Two years after the B.C. Ministry of Health lifted a ban on “gender alignment” surgery to transform females to males, not a single so-called bottom surgery has been funded by the Medical Services Plan.
The ministry says that, even after the province agreed to fund five per year, “no one came forward” for the surgery to construct a penis — something the transgender community finds hard to believe.
When funding was announced in October 2012, there were dozens of people waiting for the complex “phalloplasty” surgery, deemed experimental by the ministry between 2003 and 2012.
“I want to be clear that funding was available, but no one came forward, and again we respect that this is a very personal and significant decision for any individual, and it must be the right one for them,” a Health Ministry spokeswoman said.
That news has caused “profound confusion and disbelief” in the transgender community, said Dara Parker, executive director of Qmunity, a provincewide resource centre for transgender, gay and lesbian people.
“It is confusing to hear that people have not come forward, as the trans people I speak with are anxiously awaiting notification that they can access life-affirming surgery, and have been told they are far down the waiting list,” she said.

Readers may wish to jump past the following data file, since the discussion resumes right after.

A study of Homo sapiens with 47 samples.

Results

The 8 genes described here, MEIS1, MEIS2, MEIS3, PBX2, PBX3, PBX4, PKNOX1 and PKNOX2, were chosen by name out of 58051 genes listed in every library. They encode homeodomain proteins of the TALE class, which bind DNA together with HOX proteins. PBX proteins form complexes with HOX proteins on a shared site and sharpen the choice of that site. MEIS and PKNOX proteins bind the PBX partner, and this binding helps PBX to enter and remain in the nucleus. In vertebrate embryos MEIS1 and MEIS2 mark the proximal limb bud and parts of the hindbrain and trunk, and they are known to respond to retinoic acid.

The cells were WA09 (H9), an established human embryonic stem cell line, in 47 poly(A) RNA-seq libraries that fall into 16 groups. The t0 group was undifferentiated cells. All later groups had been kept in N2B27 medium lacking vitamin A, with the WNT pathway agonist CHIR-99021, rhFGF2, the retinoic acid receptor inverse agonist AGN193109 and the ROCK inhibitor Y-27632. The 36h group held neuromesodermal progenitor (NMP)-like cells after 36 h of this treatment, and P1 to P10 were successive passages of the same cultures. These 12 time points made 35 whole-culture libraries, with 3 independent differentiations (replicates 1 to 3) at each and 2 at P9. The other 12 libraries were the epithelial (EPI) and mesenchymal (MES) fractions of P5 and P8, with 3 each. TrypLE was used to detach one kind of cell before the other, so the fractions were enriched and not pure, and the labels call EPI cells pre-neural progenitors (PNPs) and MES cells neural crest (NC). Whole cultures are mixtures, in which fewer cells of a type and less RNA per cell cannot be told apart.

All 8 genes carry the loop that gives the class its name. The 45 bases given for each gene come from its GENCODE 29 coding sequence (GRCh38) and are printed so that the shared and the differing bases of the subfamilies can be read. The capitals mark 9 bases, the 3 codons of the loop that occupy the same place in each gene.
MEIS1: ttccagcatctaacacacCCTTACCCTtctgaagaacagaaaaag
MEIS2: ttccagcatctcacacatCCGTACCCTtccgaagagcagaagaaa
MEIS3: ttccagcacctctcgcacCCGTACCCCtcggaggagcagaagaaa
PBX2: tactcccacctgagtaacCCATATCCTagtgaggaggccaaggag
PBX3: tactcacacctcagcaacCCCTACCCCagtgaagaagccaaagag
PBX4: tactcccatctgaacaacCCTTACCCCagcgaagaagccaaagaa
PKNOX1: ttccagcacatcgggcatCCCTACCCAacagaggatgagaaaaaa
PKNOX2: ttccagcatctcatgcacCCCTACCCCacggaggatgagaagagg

In fact, the waiting list has grown to 96 clients since the province agreed in September to remove the cap of five surgeries per year. Over the same two-year period, 67 male-to-female surgeries were performed at a total cost of about $1 million to MSP.
Those who can’t get the surgery they so desperately want can sink into depression, social isolation and suicidal thoughts, Parker said.
James Gardner, 56, a Victoria radio announcer, knows he’s on the list but not exactly where. He finds it frustrating that no surgeries have been done in the past two years.
“Time is ticking and I feel a need to get on with my life and that’s why this is important,” Gardner said. “There are people in a situation worse off than I am who don’t have the finances or the stamina to stand up to the government.”
He has gone into debt, paying about $25,000 for his own chest-reconfiguration surgery and a less-invasive bottom surgery called metoidioplasty.
Gardner, who wants to live fully as a man, needs more surgery that he would like to be covered by MSP. “I want to see this thing through.”
An MSP director sent Gardner an email saying that she could not give him a specific number as to his placement on the list of “interested Medical Services Plan beneficiaries,” since it’s in flux, but assured him he will be contacted when his name comes up.
Since the cap on surgeries was lifted, the ministry has begun communicating with individuals, asking them if they want to pursue surgery, the health spokeswoman said.
Gender-reassignment surgeries are complex and usually performed in Montreal, and surgical waitlists are managed by surgeons in that city, she said.
“We are working to ensure that those who have been waiting the longest are offered the procedure first,” she added. “Up until this point, none of these clients has chosen to receive the treatment. We respect that this is a very personal and significant decision for any individual, and it must be the right one for them.”